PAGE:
BEIJING -- China's economy began showing signs of a gradual slowdown last month as tighter environmental rules dented industrial output and rising market interest rates discouraged manufacturing investment.
Regulatory side effects
Year-on-year growth in industrial production slowed for a second straight month to 6% in August, government data released Thursday shows. Output declined across the board for such environmentally taxing products as aluminum, coke and cement. A nearly 1% rise in producer prices for industrial products owed to similar factors, with tougher environmental regulations pushing up prices for paper, chemical products and iron.
Cities are embracing the concept of development in harmony with the environment, National Bureau of Statistics spokeswoman Liu Aihua said. The central government plans to implement even stricter rules heading into winter, when air pollution tends to worsen. Some 170,000 businesses may be forced to halt production in the Beijing area alone.
A number of local governments, such as Sichuan Province, have taken steps of their own.
The head of a metal-processing company in Zibo, Shandong Province, committed suicide this month. Reportedly ordered by city authorities to shut down manufacturing facilities failing to meet tough new environmental standards imposed this year, the executive struggled with bank loan payments and employee wages. A number of other companies have also been forced to pay fines or halt operations at noncompliant facilities.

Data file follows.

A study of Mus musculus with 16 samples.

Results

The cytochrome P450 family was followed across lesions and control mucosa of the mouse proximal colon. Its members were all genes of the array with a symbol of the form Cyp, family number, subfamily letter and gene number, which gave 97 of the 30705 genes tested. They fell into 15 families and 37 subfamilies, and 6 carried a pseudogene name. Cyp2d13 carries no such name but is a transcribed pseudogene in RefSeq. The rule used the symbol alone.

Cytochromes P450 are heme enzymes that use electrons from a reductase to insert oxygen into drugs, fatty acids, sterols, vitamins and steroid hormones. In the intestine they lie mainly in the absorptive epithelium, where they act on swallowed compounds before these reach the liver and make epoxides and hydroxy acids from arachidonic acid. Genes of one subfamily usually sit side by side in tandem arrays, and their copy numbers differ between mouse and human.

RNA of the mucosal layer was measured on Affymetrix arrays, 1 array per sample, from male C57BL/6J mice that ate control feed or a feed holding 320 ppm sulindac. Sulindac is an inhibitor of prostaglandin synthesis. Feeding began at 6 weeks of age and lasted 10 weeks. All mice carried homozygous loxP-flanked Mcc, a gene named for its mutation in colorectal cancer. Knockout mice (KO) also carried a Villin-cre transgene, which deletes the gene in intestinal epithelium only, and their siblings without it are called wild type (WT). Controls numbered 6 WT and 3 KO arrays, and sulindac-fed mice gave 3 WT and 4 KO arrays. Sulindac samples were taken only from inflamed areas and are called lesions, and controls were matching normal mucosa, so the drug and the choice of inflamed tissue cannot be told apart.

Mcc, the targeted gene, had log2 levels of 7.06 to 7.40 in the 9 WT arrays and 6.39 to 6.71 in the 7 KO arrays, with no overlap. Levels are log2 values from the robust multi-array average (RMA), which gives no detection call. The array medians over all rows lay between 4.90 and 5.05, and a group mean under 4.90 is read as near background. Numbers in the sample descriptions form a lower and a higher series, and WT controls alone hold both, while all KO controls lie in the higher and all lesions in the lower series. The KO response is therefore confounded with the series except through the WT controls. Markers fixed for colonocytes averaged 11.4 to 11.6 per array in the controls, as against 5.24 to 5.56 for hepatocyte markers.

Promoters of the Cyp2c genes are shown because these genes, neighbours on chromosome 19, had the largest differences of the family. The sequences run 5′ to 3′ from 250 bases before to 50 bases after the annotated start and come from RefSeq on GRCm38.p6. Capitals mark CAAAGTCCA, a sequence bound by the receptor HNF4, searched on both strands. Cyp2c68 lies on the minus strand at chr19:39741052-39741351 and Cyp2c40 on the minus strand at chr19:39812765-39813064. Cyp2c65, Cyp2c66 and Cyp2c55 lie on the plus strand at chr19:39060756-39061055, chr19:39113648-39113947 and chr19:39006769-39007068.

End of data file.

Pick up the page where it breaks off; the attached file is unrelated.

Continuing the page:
Investment was also lackluster last month as a rise in interest rates since the start of the year began crimping borrowing. Fixed-asset investment grew 7.8% on the year in the eight months through August, down 0.5 percentage point from the January-July period and the slowest rise since 1999. Spending on such infrastructure as roads and trains surged 20%, but investment by the manufacturing sector climbed just 4.5%.
Economic conditions are especially rough in the northeastern province of Liaoning. Companies there are so strapped for cash that they are turning to loan sharks for funds to repay bank loans, the head of the province's banking regulator told reporters late last month.
The People's Bank of China has not touched the policy lending rate since lowering it in October 2015, but a rise in market rates since last summer has businesses feeling squeezed. Lending at rates above the benchmark accounted for 64% of bank loans in June, central bank data shows -- the highest figure since October 2015. Loans below that rate accounted for just 16%, the lowest since that September.
Measures by local governments to rein in frothy property markets are also making an impact. Commercial square footage sold grew 12.7% on the year in the January-August period, down 1.3 point from January to July. The year-on-year rise for August alone clocked in at just 4%.
Still on track
That said, the current deceleration is likely within expectations for President Xi Jinping. Aggressive public-sector investment in infrastructure continues to shore up the economy.
With gross domestic product up 6.9% on the year in the six months through June, full-year growth is all but certain to beat the government's target of around 6.5%, barring an economic crisis of foreign origin.
China will "vigorously pursue reform and opening up, transforming the structure of the economy, and improving its health," Premier Li Keqiang told reporters Tuesday.